Reportedly the combined wealth of Nigeria’s five richest men - $29.9 billion - could end extreme poverty in that country according to a new report published by Oxfam today.

The report, ‘Inequality in Nigeria,’ exposes the large and growing gap between rich and poor. It reveals how the benefits of economic growth have been captured by a wealthy elite at the expense of ordinary Nigerians.

Economic inequality is a key factor behind the conflict that has led to the severe food crisis in Nigeria’s north-eastern states.

The UN estimates that five million people in north-east Nigeria will suffer from severe food shortages this year.

The report finds that:

Nigeria’s richest man earns 8,000 times more in one day than a poor Nigerian will spend on basic needs in a year

More than 112 million people are living in poverty in Nigeria, yet the country’s richest man would have to spend $1 million a day for 42 years to exhaust his fortune

Despite a rapidly growing economy, Nigeria is one of the few countries where the number of people living in poverty increased, from 69 million in 2004 to 112 million in 2010 – a rise of 69 percent. The number of millionaires increased by 44 percent during the same period.

Celestine Okwudili Odo, Good Governance Programme Coordinator for Oxfam in Nigeria, said: “It is obscene that the richest Nigerian has amassed more money than he can ever hope to spend in a country where five million people will struggle to feed themselves this year. Extreme inequality is exacerbating poverty, undermining the economy, and fermenting social unrest.Nigerian leaders must be more determined in tackling this terrible problem.” The report highlights significant levels of inequality between states. 69 percent of people now live below the poverty line in north-eastern states where the food crisis has hit hardest, compared to 49 percent of people in the more politically powerful regions of the southwest. It also shows that women are least able to capture the benefits of economic growth because they tend to be employed in low-skilled, low-paid informal jobs.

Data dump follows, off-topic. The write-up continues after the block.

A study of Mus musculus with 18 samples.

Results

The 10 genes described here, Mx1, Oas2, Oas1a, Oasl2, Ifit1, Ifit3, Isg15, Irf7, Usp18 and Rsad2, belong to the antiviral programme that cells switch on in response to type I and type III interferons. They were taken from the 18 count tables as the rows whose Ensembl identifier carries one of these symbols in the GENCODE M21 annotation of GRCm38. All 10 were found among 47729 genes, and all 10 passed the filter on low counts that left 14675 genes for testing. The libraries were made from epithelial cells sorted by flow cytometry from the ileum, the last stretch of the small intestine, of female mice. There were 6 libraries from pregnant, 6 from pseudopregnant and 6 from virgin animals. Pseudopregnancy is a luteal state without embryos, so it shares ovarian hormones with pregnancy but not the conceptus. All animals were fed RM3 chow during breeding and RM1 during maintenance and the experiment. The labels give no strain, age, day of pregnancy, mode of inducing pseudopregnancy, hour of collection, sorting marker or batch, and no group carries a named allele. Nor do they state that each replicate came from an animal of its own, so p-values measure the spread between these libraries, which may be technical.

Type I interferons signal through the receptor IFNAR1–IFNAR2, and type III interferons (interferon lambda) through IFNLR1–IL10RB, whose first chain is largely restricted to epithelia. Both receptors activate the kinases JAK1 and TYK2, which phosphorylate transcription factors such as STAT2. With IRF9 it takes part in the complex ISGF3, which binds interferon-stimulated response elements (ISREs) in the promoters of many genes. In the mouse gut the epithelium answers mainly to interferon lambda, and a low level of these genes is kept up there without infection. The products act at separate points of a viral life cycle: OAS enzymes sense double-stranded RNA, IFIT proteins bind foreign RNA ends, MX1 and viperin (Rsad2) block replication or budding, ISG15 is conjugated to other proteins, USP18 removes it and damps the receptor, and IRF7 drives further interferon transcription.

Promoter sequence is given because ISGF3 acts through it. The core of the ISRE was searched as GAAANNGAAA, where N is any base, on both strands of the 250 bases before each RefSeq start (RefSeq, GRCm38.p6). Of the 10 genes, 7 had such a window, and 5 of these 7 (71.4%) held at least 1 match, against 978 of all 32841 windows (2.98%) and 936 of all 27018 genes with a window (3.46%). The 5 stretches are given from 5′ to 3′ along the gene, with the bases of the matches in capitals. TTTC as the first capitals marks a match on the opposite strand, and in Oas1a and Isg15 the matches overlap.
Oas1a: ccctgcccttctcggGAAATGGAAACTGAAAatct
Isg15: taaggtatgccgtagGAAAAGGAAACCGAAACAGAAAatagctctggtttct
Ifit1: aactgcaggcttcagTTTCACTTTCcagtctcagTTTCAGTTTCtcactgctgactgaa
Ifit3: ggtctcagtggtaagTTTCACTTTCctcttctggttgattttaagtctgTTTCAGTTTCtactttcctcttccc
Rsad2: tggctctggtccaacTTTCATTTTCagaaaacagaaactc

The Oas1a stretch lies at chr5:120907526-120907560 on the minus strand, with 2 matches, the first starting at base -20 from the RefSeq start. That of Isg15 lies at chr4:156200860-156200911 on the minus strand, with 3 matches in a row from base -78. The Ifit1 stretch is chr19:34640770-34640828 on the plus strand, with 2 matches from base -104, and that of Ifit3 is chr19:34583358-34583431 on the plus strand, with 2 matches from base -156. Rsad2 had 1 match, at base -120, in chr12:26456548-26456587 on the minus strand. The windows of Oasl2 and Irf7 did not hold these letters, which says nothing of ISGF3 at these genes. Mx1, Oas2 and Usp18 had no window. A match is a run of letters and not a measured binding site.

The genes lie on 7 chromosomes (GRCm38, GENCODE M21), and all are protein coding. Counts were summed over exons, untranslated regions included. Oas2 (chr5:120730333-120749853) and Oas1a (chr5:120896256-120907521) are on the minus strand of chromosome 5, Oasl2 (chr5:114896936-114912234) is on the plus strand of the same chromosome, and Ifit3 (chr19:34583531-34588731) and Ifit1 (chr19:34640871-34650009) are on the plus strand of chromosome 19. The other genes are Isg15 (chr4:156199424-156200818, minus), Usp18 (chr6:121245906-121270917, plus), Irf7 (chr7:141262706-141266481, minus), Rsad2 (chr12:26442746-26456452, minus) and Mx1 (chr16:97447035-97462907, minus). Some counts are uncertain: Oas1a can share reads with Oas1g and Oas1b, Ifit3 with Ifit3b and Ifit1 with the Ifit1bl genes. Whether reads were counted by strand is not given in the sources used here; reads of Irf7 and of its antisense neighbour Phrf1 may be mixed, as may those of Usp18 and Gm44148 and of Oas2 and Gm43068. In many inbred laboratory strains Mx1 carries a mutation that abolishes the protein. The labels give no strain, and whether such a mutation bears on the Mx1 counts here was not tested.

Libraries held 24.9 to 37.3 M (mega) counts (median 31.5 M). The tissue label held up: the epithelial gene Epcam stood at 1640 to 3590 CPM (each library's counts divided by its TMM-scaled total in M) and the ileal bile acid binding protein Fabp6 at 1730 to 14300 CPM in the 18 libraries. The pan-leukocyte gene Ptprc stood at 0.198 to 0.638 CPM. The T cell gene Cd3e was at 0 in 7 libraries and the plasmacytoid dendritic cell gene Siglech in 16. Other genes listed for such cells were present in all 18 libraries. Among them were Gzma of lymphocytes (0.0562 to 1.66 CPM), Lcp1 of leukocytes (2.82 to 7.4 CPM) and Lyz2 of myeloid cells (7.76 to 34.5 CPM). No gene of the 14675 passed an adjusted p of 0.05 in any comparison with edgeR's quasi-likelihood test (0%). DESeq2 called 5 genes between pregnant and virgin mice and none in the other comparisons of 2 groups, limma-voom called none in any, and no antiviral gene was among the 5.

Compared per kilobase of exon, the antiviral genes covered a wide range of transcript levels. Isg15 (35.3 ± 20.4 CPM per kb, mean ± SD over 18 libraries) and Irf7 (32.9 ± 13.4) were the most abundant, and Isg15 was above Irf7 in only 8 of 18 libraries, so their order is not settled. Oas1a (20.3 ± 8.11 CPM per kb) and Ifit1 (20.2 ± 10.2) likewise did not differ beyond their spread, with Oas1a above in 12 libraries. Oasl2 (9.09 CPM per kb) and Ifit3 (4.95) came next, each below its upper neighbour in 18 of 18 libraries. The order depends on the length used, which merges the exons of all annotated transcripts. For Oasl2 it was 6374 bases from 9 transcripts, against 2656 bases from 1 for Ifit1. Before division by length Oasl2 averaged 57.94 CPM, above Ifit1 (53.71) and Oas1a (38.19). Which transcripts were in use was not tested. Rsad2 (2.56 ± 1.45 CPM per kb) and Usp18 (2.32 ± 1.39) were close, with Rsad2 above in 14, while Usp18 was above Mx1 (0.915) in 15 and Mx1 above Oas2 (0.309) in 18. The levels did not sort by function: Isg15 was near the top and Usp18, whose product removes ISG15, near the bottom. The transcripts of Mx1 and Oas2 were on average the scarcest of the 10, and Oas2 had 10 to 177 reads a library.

Women represent between 60 and 79 percent of Nigeria's rural labor force but are five times less likely to own their own land than men. Women are also less likely to have had a decent education; for example, over three-quarters of the poorest women in Nigeria have never been to school.

The report says that that poor people are unable to benefit from Nigeria’s wealth because of high levels of corruption and the excessive influence that big business and a wealthy elite have over government policy making.